Barrie R. Cassileth, Who Transformed Cancer Care, Dies at 83

But Dr. Cassileth was also quick to note the limits of her own research, and to assert her openness to the possible efficacy of treatments outside the mainstream. She was both a member the American Cancer Society’s Subcommittee on Questionable Methods of Cancer Management and an adviser to the National Institutes of Health’s Office of Alternative Medicine, now called the National Center for Complementary and Alternative Medicine.

She took a historical perspective. Cancer was once considered incurable, and so the focus of treatment was limited to palliative care, helping ease a patient’s pain. But with the rise of chemotherapy and radiation and the growing possibility of survival, comfort and quality of life took a back seat. Her mission, she said, was to bring that back, using evidence-based, noninvasive treatments.

“She was a legend in our field,” Dr. Ting Bao, the director of integrative breast oncology at Memorial Sloan Kettering, said in an interview.

Barrie Joyce Rabinowitz was born on April 22, 1938, in Philadelphia. Her father, Albert Rabinowitz, owned a company that manufactured socks; later, he and her mother, Rosalind (Kaizen) Rabinowitz, ran a company that designed and installed kitchens.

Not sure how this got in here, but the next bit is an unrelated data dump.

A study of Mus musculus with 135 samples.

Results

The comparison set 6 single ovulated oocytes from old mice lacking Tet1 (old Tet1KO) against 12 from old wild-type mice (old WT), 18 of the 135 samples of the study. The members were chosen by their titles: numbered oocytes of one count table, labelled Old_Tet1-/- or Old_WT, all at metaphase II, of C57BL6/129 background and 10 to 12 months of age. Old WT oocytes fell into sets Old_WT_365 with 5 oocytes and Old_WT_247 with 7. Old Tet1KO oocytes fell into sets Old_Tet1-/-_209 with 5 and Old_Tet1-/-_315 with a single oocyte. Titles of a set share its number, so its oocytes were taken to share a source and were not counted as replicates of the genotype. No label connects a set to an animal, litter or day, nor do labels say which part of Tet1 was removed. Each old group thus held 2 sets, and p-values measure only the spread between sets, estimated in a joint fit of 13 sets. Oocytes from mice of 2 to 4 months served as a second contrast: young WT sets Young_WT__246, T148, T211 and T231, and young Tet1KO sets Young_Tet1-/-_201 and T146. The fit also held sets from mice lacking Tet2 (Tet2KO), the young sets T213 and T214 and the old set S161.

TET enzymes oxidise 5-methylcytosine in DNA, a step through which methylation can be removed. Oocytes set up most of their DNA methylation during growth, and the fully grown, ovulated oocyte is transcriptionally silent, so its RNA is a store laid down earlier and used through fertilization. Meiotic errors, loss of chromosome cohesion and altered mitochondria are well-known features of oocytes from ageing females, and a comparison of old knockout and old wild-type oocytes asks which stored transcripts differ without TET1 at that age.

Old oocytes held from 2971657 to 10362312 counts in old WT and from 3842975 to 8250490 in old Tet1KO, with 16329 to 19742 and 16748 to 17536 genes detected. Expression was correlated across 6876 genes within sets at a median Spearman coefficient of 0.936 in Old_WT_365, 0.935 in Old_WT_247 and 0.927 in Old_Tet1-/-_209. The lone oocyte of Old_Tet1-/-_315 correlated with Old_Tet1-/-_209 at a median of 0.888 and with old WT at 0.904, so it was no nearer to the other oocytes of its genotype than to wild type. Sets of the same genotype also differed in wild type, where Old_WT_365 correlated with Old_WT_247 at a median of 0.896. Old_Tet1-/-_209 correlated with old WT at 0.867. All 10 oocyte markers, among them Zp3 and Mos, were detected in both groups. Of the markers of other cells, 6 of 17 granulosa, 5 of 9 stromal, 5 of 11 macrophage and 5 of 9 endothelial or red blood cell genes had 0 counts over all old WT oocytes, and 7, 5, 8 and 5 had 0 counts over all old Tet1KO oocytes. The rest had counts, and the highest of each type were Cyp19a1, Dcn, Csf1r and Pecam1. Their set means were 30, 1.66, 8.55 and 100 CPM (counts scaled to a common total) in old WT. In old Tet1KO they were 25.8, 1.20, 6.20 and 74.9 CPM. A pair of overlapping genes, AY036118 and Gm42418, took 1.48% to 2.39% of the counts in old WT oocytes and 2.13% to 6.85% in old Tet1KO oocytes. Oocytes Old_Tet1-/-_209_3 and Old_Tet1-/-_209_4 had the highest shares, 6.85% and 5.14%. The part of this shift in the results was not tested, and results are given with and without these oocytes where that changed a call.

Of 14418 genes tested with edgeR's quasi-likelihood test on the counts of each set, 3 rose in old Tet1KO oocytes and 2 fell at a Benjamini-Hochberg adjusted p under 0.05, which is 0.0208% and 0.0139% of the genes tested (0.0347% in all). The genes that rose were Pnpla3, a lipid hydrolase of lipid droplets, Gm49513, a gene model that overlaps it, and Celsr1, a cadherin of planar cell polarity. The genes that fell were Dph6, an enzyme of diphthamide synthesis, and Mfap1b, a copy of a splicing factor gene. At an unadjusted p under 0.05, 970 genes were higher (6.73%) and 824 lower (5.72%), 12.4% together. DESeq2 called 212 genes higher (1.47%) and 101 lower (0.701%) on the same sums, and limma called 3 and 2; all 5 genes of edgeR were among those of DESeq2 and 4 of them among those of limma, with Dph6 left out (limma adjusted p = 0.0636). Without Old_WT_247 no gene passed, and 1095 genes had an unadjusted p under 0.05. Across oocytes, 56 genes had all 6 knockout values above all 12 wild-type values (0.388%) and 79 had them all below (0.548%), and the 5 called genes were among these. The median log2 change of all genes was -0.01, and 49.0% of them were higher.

She is survived by her siblings, Stephen Rabinowitz and Ruth Rabinowitz; her daughters, Jodi Cassileth Greenspan and Wendy Cassileth; her son, Gregory Cassileth; and six grandchildren.

She attended Bennington College in Vermont and spent a summer teaching art in Pownal, a village near the Massachusetts border. Working out of a one-room schoolhouse, she befriended the parents of two of her students. The mother, Ms. Rabinowitz soon learned, had terminal cancer, and the experience of watching her suffer focused her interests on helping alleviate such pain.

She graduated with a degree in social sciences in 1959, a year after marrying Peter Cassileth. They later divorced. Her second marriage, to H. Taylor Vaden, a communications executive, also ended in divorce. Her third husband, Richard Cooper, a hematologist, died in 2016.